The family of deceased Cornell University student Antonio Tsialas has announced a $10,000 reward for more information about their son's October death.
Tsialas, a freshman, was reported missing on Oct. 25 after being last seen the night before. His body was discovered the next day in Fall Creek near Ithaca Falls. The reward, according to the family's attorney David Bianchi, will be given to the first person to come forward with information that "will tell us about how he died," subject to verification.
A dedicated phone number has been established to receive information about Tsialas' death: (607) 280-5102.
Reportedly, Tsialas was seen leaving a party held by the Phi Kappa Psi fraternity on campus the night of Oct. 24. Phi Kappa Psi representatives did not respond to a request for comment. In the wake of the incident, the school's Interfraternity Council voted to ban almost all social events held by fraternities until Jan. 1, 2020.
The family has retained Bianchi of Miami-based law firm Stewart, Tilghman, Fox, Bianchi & Cain to represent them in the matter. The firm's website touts its extensive work on behalf of hazing victims, though in an interview, Bianchi would only say that the family believes there were people with Tsialas the night of his death, and that they are looking for those people to come forward with more information. Bianchi said the family is not filing a lawsuit against the fraternity at this time.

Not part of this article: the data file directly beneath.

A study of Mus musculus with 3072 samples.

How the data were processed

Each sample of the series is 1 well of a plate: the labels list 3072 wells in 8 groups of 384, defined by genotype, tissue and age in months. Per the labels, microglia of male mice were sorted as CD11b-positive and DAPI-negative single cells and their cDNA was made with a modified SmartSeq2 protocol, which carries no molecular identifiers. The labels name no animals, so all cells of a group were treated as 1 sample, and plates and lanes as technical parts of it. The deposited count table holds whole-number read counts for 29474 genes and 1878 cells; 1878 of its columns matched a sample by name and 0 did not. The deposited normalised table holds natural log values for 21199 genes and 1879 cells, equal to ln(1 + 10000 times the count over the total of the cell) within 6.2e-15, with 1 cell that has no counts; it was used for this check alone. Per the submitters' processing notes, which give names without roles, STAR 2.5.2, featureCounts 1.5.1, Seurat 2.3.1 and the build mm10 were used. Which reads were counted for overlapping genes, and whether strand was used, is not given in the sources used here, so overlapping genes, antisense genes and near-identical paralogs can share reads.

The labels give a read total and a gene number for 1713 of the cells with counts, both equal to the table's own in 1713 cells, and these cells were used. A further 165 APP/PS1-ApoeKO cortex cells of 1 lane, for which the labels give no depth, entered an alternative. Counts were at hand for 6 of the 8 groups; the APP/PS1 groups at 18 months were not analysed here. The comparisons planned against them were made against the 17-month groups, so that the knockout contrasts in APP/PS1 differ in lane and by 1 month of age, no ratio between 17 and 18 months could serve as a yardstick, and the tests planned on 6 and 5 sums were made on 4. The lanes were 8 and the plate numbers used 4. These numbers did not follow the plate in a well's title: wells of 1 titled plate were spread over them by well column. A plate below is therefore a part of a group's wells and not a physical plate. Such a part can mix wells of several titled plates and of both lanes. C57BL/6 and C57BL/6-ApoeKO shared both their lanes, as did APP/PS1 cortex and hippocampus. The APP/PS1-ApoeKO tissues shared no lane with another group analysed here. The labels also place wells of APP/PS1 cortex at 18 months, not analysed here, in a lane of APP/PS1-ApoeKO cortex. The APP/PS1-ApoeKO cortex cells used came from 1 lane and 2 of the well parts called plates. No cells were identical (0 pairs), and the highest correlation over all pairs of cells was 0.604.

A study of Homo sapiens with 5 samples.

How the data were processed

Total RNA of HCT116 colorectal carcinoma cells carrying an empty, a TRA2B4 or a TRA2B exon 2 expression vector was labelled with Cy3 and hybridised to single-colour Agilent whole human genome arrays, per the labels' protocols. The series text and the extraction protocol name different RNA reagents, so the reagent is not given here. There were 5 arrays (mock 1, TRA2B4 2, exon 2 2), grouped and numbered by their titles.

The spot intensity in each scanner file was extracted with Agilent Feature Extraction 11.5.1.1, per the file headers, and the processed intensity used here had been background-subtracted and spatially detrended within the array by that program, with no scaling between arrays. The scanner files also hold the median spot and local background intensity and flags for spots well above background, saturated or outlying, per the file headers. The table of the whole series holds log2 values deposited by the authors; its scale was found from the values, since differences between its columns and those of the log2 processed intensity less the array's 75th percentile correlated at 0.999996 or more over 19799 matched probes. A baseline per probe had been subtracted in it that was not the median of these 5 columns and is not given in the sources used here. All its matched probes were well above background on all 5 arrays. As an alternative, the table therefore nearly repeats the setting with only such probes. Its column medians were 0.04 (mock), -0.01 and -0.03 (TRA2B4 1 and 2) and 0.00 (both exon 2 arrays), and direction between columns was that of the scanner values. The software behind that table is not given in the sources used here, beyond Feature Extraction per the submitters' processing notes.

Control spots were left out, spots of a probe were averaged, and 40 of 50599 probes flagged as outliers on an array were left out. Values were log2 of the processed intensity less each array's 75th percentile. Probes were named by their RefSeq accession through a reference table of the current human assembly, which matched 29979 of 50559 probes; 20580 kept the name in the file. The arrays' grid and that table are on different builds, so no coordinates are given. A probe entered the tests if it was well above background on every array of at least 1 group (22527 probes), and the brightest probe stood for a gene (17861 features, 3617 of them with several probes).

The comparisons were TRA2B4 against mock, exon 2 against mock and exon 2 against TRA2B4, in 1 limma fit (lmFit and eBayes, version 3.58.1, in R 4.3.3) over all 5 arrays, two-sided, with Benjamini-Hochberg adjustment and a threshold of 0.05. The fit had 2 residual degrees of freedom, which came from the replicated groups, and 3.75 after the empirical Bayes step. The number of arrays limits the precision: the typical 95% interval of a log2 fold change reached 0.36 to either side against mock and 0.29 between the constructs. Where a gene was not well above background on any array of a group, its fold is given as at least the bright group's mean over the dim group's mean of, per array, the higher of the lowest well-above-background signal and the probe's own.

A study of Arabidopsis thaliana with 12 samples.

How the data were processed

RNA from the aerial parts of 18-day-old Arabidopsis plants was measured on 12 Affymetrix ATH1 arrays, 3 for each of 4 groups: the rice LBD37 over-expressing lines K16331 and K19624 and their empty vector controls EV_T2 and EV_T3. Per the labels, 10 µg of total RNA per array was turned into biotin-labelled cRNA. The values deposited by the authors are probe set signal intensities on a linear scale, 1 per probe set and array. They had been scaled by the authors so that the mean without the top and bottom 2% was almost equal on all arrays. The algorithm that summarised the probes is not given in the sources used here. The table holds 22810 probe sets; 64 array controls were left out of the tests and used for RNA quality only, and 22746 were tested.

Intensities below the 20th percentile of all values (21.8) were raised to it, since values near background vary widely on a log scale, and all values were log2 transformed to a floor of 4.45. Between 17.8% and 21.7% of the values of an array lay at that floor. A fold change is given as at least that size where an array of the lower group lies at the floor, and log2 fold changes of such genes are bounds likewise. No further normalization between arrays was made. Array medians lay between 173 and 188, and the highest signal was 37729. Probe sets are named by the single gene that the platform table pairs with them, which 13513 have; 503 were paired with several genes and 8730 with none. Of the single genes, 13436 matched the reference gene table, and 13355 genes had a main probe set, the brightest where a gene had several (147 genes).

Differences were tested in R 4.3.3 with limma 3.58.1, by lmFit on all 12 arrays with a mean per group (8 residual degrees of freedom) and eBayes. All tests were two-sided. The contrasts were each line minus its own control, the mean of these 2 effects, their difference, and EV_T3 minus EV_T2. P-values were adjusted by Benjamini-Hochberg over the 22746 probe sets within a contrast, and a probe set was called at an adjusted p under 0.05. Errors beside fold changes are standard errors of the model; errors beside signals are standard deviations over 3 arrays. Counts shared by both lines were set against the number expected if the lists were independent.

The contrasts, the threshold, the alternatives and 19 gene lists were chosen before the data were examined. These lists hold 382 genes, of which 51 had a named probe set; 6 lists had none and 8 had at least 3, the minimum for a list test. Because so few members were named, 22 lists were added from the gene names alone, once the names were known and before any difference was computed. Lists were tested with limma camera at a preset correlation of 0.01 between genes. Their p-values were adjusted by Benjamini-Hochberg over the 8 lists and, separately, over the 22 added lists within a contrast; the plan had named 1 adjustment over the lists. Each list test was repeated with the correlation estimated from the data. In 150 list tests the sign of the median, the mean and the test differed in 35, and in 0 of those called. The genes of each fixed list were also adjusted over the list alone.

"We don't know what happened," Bianchi said. "We are convinced that there are people at Cornell who were with him that night."
Bianchi said they have been in contact with the Cornell University Police Department, who he said are "working hard" on the case, but did not note any new information that has been uncovered from the initial press release from the Ithaca Police Department. Cornell University's Police Chief Dave Honan issued this statement:
"The Cornell University Police continue to actively investigate Antonio Tsialas’s tragic death and the events of the night that preceded it. Over 150 leads have been received and are being followed up on, to include numerous personal interviews. Cornell University Police also sought and obtained a warrant to seize evidence, which will be turned over to the New York State Police for analysis, and a number of subpoenas have also been issued. We appreciate the help from those who have come forward with information and continue to ask anyone else who may have information related to this incident to contact us at 607-255-1111. You can also email Cornell Police investigators at firstname.lastname@example.org or reach out through the Silent Witness Program."